Joining a Clinical Trial? Here Are the Things to Keep in Mind

Black background orange microscopic nervous systemEvery new treatment and diagnostic method for cancer stem from years of testing and research.

Diligent researchers, such as those from Jean Brown Research, learn which treatments and techniques are useful and whether there are side effects. They also learn the various phases of clinical trials, which allow them to discover a new standard in approaching cancer care.

For some patients faced with a dire prognosis, finding a clinical trial to join is like discovering a gold mine. Others, meanwhile, may find it difficult to weigh the pros and cons.

Here are some things to know before joining a clinical trial:

You Are in Control

On top of a discussion with your doctor as well as plenty of research, you need to sign an informed consent form. The form will list information such as the master protocol, a detailed plan on how the trial will go and what its purpose is. It will detail possible benefits and potential risks. During the study, you may need to sign an updated consent form if any new side effects or potential risks surface so that you could continue with the trial.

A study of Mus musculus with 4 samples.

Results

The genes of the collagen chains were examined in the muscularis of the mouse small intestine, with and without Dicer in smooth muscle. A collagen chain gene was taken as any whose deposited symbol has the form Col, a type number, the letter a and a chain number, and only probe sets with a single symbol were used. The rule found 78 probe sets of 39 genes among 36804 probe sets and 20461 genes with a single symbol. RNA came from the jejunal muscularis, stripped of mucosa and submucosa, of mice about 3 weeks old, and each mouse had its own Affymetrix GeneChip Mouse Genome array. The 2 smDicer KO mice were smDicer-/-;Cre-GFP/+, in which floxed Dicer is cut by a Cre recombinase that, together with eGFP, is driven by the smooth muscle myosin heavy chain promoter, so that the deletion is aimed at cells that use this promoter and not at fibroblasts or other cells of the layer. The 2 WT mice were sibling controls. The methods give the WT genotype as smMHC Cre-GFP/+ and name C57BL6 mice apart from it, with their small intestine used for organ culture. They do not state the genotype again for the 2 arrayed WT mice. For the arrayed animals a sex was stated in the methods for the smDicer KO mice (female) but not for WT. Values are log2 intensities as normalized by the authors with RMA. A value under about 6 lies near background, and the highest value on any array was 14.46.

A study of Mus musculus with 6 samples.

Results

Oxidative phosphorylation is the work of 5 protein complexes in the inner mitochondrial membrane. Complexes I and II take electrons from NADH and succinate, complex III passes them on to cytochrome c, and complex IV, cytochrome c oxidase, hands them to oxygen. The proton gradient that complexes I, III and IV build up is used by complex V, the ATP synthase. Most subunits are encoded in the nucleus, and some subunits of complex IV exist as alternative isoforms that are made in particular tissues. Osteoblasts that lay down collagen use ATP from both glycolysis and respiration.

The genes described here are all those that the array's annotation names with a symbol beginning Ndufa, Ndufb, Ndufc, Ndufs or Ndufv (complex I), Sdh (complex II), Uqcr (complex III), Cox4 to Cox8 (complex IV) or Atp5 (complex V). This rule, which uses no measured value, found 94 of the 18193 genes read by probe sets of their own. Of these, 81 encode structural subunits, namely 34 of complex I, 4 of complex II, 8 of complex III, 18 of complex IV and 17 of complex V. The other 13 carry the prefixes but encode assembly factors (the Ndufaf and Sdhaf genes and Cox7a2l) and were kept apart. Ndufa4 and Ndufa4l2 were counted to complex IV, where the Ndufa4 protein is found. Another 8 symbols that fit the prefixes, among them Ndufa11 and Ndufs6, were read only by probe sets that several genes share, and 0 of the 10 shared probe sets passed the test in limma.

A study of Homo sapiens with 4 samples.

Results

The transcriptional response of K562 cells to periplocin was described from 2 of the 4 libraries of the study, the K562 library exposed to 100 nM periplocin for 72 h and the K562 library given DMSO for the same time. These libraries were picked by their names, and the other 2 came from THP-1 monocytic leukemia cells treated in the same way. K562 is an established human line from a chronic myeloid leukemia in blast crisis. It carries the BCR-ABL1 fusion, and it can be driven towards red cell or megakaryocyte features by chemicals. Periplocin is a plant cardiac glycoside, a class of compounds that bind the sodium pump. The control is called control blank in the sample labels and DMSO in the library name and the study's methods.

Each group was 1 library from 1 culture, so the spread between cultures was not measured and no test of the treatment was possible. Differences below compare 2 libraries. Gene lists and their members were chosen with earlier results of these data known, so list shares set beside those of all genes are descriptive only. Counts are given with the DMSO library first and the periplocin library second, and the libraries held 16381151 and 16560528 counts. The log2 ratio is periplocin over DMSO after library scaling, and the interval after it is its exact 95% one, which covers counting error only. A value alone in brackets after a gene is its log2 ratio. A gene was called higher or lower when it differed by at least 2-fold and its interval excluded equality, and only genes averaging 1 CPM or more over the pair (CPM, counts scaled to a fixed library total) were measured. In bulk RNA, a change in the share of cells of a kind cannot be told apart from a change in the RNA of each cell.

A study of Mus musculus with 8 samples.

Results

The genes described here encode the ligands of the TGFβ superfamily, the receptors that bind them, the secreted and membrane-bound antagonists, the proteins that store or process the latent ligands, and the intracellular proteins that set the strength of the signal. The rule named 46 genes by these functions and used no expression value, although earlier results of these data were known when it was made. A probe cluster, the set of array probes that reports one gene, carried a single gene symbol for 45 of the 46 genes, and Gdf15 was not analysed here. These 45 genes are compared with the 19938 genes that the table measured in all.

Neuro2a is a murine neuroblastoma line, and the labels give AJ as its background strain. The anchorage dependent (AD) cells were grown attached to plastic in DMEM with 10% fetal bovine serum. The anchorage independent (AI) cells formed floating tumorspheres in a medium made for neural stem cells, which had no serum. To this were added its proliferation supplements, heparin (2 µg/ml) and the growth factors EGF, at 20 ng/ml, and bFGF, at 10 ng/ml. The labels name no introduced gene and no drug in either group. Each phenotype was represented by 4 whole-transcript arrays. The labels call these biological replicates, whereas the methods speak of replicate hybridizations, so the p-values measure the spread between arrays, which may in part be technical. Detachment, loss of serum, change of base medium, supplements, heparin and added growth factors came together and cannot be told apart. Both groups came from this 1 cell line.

If you feel apprehensive or uncomfortable in the middle of treatment, you may choose to leave anytime during a trial. Participating in the clinical trial should be purely voluntary and not in any way binding.

No Guarantees, But There’s Hope for the Future

Many patients decide to join a clinical trial in hopes of receiving a new, promising treatment. For some, it may be the final option if their body refuses to respond to standard treatment. For patients suffering from a rare form of cancer, the trial can be their only chance for survival. 

Clinical trials have no guarantees. However, if they prove to be successful, future patients will have a better chance of winning their battle. For those with a rare disease, a step closer to finding an effective treatment means everything.